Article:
New Haven residents sick of highway traffic may soon have a more convenient way to get to Hartford.

Gov. M. Jodi Rell’s mass transit initiative, which will come before the General Assembly Feb. 8, proposes adding commuter rail service eight times daily on the New Haven-Hartford-Springfield line and a buslink to Bradley International Airport, according to a statement issued by Rell’s office Sunday. Other proposals include the rehabilitation of 40 Metro-North rail cars, expanded bus service in the Hartford area and an expansion of commuter rail service in the North Haven area.

The new plan follows a $1.3 billion initiative approved by the state’s General Assembly last year to refurbish state highways and add rail cars to Metro-North. A price tag for the new proposal has not yet been determined, but the initiative should not cause an increase in taxes, Rell spokesman Judd Everhart said. Rell hopes to draw funding for the initiative from federal funds and a transfer of petroleum gross receipts tax revenues to the state’s Special Transportation Fund, the statement said.

City officials have lobbied for the New Haven-Hartford-Springfield commuter line for years, New Haven Deputy Director of Economic Development Tony Bialecki said. The new service, Bialecki said, will be a boon for the Elm City’s economy.

“Not only would it free up problems on the highway corridors, [but] we think a lot of people would live in New Haven and work up in the Hartford area,” he said.

Although Amtrak trains already run on the New Haven-Hartford-Springfield line, a commuter rail line would offer customers cheaper fares and more flexibility in arrival and departure times, Bialecki said.

Former State Commissioner of Economic Development Joe McGee said Rell’s emphasis on mass transit places transportation reform on the right path.

“Connecticut cannot pour concrete and roads to get itself out of its highway problem,” he said. “Busways and mass transit have to be at the forefront of a 21st century plan. For the governor to stand up and say that the 21st century is going to be built on mass transit is very long overdue, and she gets credit.”

But the scale of Rell’s proposal will not be enough to permanently resuscitate Connecticut’s ailing transportation system, McGee said. A report released by the Connecticut Transportation Strategy Board in 2003 estimated that around $5.5 billion over 10 years would be necessary to bring Connecticut’s transportation system up to an acceptable standard. Until an investment of that size is approved, McGee said, Connecticut’s economy will continue to have problems competing with those of nearby states.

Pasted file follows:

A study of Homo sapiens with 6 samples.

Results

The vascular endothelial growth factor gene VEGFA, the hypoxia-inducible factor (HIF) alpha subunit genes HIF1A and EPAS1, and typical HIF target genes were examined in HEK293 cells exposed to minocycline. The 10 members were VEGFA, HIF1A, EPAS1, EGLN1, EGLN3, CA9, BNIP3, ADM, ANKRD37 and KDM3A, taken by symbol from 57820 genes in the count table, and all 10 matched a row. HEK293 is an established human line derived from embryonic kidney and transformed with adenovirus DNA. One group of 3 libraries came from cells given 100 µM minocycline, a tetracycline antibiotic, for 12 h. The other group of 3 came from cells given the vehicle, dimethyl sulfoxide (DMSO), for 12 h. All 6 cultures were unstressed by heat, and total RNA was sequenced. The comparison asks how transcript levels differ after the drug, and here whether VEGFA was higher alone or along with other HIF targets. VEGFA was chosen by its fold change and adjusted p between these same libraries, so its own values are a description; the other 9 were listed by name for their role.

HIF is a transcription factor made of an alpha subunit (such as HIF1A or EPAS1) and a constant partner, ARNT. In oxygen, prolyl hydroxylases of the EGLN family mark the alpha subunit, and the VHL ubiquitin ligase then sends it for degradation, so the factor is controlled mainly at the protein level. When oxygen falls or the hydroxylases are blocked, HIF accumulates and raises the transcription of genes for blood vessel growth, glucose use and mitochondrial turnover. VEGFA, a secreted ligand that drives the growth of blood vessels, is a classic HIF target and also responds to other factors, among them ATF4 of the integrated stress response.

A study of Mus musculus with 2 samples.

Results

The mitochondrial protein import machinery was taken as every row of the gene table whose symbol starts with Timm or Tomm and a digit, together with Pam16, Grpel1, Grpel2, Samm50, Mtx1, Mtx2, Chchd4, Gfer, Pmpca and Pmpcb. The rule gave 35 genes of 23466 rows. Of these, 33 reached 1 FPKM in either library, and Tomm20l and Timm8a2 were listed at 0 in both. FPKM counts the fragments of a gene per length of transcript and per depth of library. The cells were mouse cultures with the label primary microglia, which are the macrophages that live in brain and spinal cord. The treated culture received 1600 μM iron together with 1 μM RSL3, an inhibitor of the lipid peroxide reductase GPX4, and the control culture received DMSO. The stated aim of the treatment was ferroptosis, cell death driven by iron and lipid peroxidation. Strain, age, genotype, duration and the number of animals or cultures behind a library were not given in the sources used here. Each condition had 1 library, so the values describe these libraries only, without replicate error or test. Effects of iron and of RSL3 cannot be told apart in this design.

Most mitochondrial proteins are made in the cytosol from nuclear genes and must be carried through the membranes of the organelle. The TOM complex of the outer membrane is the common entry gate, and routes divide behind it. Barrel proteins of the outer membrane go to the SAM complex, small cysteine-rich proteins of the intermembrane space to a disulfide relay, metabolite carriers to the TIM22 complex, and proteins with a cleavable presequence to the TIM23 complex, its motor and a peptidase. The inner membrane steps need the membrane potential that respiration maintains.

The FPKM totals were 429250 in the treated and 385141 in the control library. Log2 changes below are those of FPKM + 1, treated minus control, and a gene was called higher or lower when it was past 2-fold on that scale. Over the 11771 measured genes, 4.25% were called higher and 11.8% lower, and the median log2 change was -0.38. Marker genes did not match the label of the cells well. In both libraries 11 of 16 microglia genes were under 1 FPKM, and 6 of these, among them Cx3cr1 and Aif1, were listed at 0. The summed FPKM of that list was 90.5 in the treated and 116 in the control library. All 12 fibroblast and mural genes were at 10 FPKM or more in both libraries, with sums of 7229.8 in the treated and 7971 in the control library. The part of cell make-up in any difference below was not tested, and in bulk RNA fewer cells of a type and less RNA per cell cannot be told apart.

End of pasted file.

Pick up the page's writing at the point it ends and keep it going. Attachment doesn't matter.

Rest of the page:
Neighboring Massachusetts, for instance, is considering a $31 billion plan to be paid for throughout the next 20 years to address transportation infrastructure needs, said Kevin Maloney, spokesperson for the Connecticut Conference of Municipalities, which released a report last year advocating the use of $4.8 billion in state funds for transportation infrastructure within the next decade.

“The question is, ‘Can the legislature enact enough money to make a difference?’ We’re hopeful that the legislature will take the governor’s proposal and build on it,” Maloney said. “Certainly, everyone recognizes more needs to be done.”

Antonio Guerrera, co-chair of the state legislative transportation commission, also said more money should be put into transportation reform, but he said an equal emphasis should be placed on altering commuter habits through tax incentives and educational campaigns.

“When you ask people to leave their car at home … they have a hard time with that,” he said. “With all the money you put into [mass transit], if people don’t use it, we’re throwing away money.”

Rell’s proposal also includes plans to improve bus service between rail stations and major employers. Cost and funding details, according to the statement, are scheduled for release next month.